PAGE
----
With the growing utilization of cloud computing and cloud-based services, the number and size of data centers worldwide is rapidly increasing. Leading cloud service providers, such as Google, Amazon Web Service (AWS), and Microsoft Azure, have developed a number of large-scale data center projects in recent years and will continue to lead cloud computing innovations in the future.

In addition, the number of social media users is escalating. Statistical data from 2019 reveals that there are currently 3.2 billion active social media users globally, which equals almost 42% of the world population. Websites like Facebook, Instagram, and Pinterest are loaded with visual content, which is further pushing the demand for reliable and efficient cyber storage space.

Data center downtimes or power outages increase the risk of hardware damage and loss of data. In fact, a study demonstrates that, on average, downtime can cost about $5,600 per minute. Statistics also suggest that 93% of organizations that experienced data center downtime for over 10 days reported bankruptcy within a year of the event.

This creates a strong need uninterruptible power supply (UPS) systems. A UPS system facilitates hardware protection and prevents loss or corruption of data. It is estimated that the global data center UPS market size will hit $5 billion by 2026.

How are technological advances making UPS technology more efficient?

Enterprises are becoming increasingly dependent on edge and micro data centers to capitalize on trends and technologies, such as the IoT, cloud computing, and mobile applications. All of these require compute power at the network edge. This is encouraging manufacturers to upgrade their existing UPS technologies to make them more compact, sustainable, and energy-efficient.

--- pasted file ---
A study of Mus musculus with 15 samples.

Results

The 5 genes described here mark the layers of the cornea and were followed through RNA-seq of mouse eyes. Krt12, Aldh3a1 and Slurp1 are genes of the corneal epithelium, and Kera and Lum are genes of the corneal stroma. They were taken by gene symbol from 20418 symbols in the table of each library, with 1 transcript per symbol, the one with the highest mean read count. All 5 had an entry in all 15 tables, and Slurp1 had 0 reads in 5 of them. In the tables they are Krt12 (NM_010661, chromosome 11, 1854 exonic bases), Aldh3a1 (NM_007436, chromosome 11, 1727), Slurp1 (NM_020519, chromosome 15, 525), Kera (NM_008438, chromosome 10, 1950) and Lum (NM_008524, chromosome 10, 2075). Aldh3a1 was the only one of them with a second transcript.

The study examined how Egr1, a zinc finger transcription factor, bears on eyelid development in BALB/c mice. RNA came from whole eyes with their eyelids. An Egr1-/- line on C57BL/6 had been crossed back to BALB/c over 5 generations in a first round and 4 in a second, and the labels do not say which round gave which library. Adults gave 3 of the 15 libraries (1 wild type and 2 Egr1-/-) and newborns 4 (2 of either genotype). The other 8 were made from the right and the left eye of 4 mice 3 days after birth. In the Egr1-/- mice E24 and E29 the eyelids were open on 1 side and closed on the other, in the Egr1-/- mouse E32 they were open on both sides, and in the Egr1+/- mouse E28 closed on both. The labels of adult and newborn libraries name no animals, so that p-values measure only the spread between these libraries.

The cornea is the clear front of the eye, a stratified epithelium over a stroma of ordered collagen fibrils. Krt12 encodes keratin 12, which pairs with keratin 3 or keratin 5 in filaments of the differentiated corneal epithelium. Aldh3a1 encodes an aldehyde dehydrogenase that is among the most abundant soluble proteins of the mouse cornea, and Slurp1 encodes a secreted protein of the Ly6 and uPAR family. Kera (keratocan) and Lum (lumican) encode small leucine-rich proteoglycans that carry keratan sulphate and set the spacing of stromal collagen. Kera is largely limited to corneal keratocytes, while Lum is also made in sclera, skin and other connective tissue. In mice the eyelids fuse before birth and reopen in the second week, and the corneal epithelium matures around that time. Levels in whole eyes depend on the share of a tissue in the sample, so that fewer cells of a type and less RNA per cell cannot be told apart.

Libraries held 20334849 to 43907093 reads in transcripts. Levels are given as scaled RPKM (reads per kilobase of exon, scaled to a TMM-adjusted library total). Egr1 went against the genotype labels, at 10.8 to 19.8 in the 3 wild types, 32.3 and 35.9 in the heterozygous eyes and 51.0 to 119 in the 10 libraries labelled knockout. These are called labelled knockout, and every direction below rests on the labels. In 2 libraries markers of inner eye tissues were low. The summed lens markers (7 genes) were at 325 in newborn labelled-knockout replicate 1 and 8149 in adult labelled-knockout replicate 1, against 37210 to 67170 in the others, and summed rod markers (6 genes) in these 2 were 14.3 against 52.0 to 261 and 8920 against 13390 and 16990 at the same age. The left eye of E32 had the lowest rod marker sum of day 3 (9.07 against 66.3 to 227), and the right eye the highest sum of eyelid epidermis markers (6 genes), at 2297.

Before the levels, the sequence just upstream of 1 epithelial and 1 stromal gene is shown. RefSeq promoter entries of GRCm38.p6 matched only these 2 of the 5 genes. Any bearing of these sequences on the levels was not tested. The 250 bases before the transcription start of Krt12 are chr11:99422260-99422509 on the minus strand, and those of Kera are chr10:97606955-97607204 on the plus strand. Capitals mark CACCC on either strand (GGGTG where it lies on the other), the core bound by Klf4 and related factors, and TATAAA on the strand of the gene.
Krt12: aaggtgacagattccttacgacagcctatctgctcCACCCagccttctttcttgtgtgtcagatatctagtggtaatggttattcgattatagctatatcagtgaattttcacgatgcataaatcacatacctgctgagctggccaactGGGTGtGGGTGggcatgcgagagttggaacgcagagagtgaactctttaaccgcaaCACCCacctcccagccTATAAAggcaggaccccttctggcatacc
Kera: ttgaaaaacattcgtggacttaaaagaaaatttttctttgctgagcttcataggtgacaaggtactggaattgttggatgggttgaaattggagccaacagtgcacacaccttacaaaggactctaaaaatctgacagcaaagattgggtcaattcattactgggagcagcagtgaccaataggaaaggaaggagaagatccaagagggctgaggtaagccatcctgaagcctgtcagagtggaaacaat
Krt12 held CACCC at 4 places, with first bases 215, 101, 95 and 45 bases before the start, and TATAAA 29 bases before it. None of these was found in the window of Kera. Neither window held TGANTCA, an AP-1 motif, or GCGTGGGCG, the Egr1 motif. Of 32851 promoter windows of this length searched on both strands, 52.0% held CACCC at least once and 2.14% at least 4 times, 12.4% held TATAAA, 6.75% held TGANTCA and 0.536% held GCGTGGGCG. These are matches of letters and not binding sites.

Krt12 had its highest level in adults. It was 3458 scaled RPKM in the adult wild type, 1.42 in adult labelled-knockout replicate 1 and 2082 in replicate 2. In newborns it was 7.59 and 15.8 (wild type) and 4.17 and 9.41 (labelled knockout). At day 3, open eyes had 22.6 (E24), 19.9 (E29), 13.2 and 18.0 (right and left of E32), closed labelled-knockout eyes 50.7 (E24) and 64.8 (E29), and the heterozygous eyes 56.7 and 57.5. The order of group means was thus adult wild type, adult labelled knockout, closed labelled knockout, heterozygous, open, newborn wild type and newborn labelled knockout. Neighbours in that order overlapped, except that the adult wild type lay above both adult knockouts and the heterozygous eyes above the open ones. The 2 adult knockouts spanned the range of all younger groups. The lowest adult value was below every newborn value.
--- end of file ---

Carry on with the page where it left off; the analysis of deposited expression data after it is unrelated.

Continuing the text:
Advances and innovations in UPS technology are aimed to deliver cost-effective protection for edge and micro data centers. Technological advancements in three-phase UPS systems promise to bring greater efficiency and modularity and lower the total cost of ownership, offering improved connectivity and a reduced carbon footprint.

  • UPS systems are getting more compact

Minimizing the physical size of UPS systems is one of the major challenges, especially in edge data centers. Ongoing developments show that modern UPS sytems are much more compact (up to 25% or more) compared to their legacy counterparts while offering additional features and greater power density. Newer models require only about 6 inches of rear clearance compared to legacy UPS systems that required 22 to 30 inches.


Implementation of energy-saving technologies are making UPSs more energy-efficient. These features can boost the energy efficiency from nearly 94% for legacy UPSs to around 99% on newer models. Based on average electrical rates in the U.S., this can lead to savings of up to $5,000 per year per UPS system.

  • Increased use of lithium-ion (li-ion) batteries

Use of li-ion batteries in UPS systems offers a range of operational benefits over conventional valve-regulated, lead-acid (VRLA) batteries. Li-ion batteries can withstand higher operating temperatures and can last up to three times longer than VRLA options. Moreover, li-ion batteries are lighter and smaller, further reducing space requirements.

Regulatory norms are further encouraging manufacturers to invest in research and development (R&D) activities for more energy-efficient products. ASHRAE recently released the revised version of its energy standard for data centers, ANSI/ASHRAE Standard 90.4. The updated standard includes significant improvements to UPS technology and other equipment to make data centers more sustainable and efficient.

Growing incidences of power outages and data center downtimes, and the subsequent risk of data loss and hardware damage, will boost the adoption of efficient data center UPS solutions. Increased R&D efforts and investments from industry players will continue to drive the industry trends over the coming years.